Excellent Science History
The Big Ones: How Natural Disasters Have Shaped Us (and What We Can Do About Them) by Lucy Jones
My rating: 5 of 5 stars
The Big Ones, by Dr. Lucy Jones is a wonderful accounting of many of the largest and most devastating natural disasters that have shaped our history. Dr. Jones lays out a compelling narrative about the role that natural disasters have played in advancing scientific thought and research, politics, and social norms. While Dr. Jones is a geologist (seismologist) by training, her recounting of natural disasters don't solely focus on geologic hazards, and often points out how human decisions (or lack thereof) not only help create, but often times exacerbate, a natural disaster and turns an event into a catastrophe. She explores the volcanic eruption of Pompeii, devastating floods in California in 1862 and the disastrous 1927 Mississippi River floods. The great earthquakes of Lisbon, Portugal in 1755 and Tokyo in 1923, as well as the earthquakes and tsunami that created wide destruction in the Indian Ocean in 2004 and East Japan in 2011. The range of disasters that she covers span not only recorded human history, but covers the range of geologic and meteorologic disasters.
I loved the history that Dr. Jones provides for each of the events, recounting the details of the disasters from personal accounts written at the time. And while these details are fascinating, and provide a human voice to the narrative, what I really enjoyed was the assessment and interpretation of the events and how these disasters helped shape our modern society. From transitioning from the beliefs that natural disasters were created by angry, vengeful, or just callous deities to our reliance on modern scientific theories. What really struck a chord with me was the focus on science communication, and how communication of the risks and probabilities of any single disaster can result in tragic consequences, or have a profound impact on bettering our society. How even into the modern era (the 20th and 21st centuries) a reliance to stick to old, outdated belief systems (even if backed by science) often lead to a greater catastrophe when a disaster does strike.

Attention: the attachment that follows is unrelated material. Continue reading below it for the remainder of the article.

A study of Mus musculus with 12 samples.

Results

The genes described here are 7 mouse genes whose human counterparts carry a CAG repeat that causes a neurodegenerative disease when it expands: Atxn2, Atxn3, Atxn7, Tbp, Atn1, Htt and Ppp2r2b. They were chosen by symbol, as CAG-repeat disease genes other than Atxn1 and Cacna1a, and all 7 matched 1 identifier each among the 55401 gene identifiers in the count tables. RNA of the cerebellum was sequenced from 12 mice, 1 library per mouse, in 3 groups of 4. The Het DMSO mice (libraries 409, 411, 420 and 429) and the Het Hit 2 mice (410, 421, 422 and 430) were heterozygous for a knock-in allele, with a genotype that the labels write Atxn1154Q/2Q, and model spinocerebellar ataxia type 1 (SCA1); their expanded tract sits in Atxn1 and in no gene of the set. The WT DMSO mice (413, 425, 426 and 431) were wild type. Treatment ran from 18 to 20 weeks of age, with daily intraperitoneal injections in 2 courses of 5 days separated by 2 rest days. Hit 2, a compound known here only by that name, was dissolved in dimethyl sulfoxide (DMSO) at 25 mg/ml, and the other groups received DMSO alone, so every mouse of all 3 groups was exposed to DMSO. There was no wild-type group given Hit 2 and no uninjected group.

I highly recommend The Big Ones to anybody interested in science history. Dr. Jones' narrative is easy to follow, and she clearly conveys the knowledge and experience that she has gained over several decades working in the field. I listened to the audio version of the book, narrated by the author, and she does a great job. Her fluency in Chinese is evident when she tells of the earthquakes in China in the 1970s - one predicted, one not, and she displays her skill as a science communicator.